83rd Annual

Monday, 10 February 2003: 11:30 AM
Mesoscale variability in CBL structure observed during IHOP: causes and implications for convective initiation
Kenneth J. Davis, Penn State Univ., University Park, PA; and K. J. Craig, A. R. Desai, S. Kang, N. L. Seaman, D. R. Stauffer, B. P. Reen, and S. J. Richardson
The International H2O Project (IHOP) was conducted during May and June of 2002 encompassing a large region (~ 300km x 400km) within the southern Great Plains. Extensive observations of the structure of the convective atmospheric boundary layer (CBL) and forcing boundary conditions, particularly surface fluxes, were collected. Of particular interest are data needed to produce areal maps of the surface energy balance over the region as well as direct observations of regional CBL depth and water vapor content obtained via airborne water vapor differential absorption lidar (DIAL). These data were collected on ~10 days spanning several frontal passages. Ground-based CBL remote sensors added point data that were continuous in time, complementing the airborne observations. The observations document the interactions between the CBL and the land surface from micro- to meso-scales. These interactions may lead to favored locations for convective initiation.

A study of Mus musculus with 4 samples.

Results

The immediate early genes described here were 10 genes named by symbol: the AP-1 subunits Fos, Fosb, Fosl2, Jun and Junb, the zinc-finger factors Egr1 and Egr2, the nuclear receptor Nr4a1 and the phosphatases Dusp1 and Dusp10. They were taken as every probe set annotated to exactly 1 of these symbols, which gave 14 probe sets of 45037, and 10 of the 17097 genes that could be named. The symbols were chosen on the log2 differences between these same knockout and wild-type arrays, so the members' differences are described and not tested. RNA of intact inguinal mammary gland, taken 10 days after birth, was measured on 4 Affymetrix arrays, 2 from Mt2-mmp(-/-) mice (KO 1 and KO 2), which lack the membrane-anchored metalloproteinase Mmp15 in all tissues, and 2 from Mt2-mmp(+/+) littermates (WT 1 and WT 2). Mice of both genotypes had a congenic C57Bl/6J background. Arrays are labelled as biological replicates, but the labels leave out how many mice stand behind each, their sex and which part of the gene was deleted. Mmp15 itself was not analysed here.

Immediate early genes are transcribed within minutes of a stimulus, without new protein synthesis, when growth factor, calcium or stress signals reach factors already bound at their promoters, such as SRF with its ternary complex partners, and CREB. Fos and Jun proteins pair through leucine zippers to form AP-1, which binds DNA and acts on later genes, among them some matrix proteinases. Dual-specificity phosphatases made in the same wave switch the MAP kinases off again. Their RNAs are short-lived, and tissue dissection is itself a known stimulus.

Ongoing analyses will lead to a database of surface flux fields and CBL characteristics that will enable quantitative and rigorous tests of surface-CBL coupling, and provide validation for high resolution numerical simulations with MM5. These databases, which will be made available to the IHOP and broader atmospheric sciences community, will be described.

The cases captured by IHOP observations, as well as preliminary results and hypotheses will be reviewed. Phenomena that are captured include highly heterogeneous land surface forcing at a variety of scales, and varying response by the CBL, wave structures, and detailed characterization of the CBL entrainment zone. At the largest scales, CBL depths and moisture content varied by as much as a factor of two, but in other cases strong potential temperature inversions limited the heterogeneity in CBL depth. Many cases showed evidence of widespread wave structure within and above the CBL. These waves may be a significant source of CBL modulation that is independent of heterogeneous land surface forcing. Cases where surface flux heterogeneity led to favored locations for convective initiation were not immediately apparent, but the pre-conditioning of the CBL was clearly heavily dependent on the surface energy budget.